Believe it: ETFs do shut down
By Dian Vujovich
Investors have taken to exchange traded funds (ETFs) like ducks to water. And for good reason: Like mutual funds they are regulated and fall under the umbrella of investment companies. But unlike mutual funds these baskets of securities trade as stocks do— on the major exchanges with commissions paid when buying and selling shares.
That said, they aren’t risk free. No investment is. So, if an ETF doesn’t garner enough investor interest it can shut down leaving a shareholder holding the bag.
Tom Lyndon, publisher of ETFTrends, a website focusing on that industry, wrote an interesting piece for SeekingAlpha.com about the not often discussed fact that all ETFs don’t have forever staying power. Think: Good idea, little interest.
According to Lyndon, 34 ETFs were liquidated from January through July of this year (2012). FocusShares is one example. Direxion will be closing nine of its 3x leveraged ETFs on September 12. Russell Investments will be cutting a couple of dozen jobs in its ETF unit and who knows what the results of that will be.
When an ETF shuts down, Lyndon writes: ” investors have one of two choices: sell your position before the final trading date, or wait for the fund to close and the check to come in. This can create tax consequences, and no investor likes surprises.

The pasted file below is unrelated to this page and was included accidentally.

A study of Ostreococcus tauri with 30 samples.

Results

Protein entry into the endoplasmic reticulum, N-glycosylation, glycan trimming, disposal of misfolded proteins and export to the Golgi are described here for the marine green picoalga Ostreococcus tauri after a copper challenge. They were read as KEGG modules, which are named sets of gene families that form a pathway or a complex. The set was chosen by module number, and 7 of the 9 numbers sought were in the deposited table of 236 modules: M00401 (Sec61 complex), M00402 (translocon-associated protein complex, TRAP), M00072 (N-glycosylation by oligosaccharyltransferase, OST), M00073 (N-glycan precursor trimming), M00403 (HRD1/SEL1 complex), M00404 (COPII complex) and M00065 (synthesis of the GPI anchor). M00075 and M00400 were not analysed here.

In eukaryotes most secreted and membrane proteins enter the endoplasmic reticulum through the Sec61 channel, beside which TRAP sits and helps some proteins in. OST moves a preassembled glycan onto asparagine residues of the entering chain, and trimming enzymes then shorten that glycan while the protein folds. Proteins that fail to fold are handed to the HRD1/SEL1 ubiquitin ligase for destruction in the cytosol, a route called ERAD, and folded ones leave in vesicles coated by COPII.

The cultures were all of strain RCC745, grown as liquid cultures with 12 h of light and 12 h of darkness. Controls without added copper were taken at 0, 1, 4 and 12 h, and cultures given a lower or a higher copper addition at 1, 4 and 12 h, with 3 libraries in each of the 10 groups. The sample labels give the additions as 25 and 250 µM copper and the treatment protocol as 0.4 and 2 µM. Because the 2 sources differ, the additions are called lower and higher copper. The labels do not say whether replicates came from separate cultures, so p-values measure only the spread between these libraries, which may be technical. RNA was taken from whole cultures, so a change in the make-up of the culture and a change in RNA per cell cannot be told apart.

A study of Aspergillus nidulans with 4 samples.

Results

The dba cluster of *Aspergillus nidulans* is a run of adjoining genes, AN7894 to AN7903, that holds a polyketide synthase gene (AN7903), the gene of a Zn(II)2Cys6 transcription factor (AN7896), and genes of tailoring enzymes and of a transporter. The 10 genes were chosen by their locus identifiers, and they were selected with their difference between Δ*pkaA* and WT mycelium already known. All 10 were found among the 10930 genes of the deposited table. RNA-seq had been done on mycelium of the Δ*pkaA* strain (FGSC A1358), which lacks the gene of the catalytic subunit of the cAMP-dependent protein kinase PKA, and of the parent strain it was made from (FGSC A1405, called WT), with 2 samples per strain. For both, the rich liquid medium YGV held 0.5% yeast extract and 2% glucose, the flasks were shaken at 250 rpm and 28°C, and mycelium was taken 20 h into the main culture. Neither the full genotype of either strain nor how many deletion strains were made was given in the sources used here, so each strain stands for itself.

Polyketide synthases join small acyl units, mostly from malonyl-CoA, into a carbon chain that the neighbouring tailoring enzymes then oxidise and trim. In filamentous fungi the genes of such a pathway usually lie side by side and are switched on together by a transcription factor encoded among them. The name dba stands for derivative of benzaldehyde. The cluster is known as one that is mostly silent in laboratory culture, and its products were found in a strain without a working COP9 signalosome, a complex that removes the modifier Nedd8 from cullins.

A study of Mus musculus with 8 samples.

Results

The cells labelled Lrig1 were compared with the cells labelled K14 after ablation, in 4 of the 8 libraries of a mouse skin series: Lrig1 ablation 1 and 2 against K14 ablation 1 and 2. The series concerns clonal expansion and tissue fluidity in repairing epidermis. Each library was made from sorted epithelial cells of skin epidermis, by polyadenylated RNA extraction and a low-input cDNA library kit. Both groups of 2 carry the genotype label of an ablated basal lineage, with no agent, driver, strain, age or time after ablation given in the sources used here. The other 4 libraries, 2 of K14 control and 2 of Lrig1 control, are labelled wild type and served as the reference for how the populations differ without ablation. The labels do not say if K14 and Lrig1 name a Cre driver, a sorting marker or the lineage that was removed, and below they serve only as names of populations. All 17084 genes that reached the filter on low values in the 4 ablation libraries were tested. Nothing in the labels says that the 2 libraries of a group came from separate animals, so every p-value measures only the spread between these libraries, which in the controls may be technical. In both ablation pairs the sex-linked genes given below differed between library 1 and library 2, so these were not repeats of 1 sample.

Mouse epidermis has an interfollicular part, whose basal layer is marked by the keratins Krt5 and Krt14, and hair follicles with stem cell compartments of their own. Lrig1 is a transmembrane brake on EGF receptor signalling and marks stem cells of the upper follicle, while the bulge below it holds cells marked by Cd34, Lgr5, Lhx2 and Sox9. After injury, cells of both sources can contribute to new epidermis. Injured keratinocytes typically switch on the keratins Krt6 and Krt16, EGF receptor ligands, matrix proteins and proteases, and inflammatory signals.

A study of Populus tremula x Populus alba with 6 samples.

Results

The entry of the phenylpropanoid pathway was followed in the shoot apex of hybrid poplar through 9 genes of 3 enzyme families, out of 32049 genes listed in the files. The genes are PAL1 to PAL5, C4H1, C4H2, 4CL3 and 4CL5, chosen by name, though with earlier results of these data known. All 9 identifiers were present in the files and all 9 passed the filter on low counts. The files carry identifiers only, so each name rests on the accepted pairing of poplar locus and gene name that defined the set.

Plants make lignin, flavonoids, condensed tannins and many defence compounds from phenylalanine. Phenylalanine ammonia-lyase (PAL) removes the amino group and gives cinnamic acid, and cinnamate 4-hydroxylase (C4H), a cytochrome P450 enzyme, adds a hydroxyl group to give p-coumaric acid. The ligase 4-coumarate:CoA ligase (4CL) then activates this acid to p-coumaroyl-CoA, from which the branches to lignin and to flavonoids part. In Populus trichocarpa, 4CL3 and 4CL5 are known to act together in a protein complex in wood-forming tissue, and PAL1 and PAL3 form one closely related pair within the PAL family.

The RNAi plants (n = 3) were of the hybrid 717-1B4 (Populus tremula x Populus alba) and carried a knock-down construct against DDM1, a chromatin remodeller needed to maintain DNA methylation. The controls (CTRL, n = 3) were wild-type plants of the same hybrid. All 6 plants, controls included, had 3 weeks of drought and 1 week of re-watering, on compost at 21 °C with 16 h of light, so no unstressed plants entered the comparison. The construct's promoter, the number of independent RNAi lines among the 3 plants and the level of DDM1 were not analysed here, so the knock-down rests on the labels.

“Investors should note that in the last days of the ETF, sellers will be scrambling to dump their positions, which can lead to hefty losses. Due to the disparate number of sellers to buyers, the bid/ask spread tend to widen. Potential sellers should try to set up limit orders to sell at a given price so that one won’t get caught unawares.
“In rare cases, investors who opt to hold until the fund is liquidated may also be billed for the costs of closing, or “termination fee,” which includes legal fees and administrative costs – ETFs may raise the expense ratio retroactively.”
To see how common ETF closings have been, I looked at the 2012 Investment Company Fact Book. (It’s available online at ICIFactBook.org.)
According to the ICI, at the end of 2011, there were 1,134 ETFs around with assets in them totaling roughly $1 trillion dollars.
A quick review showed that 175 ETFs were liquidated between 2001 and 2011. Years with the largest number of liquidations include the past four. In 2008, 5 ETFs were liquidated; in 2009, 49; in 2010, 51; and in 2011, 15.
Bottom line: Thinking ETFs make perfect investments is like thinking they carry no market risks. So at the very least, before investing make sure to consider the length of time the ETF has been around and the growth of its assets.
Or, as The Most Interesting Man in the World says, “Choose wisely, my friend.”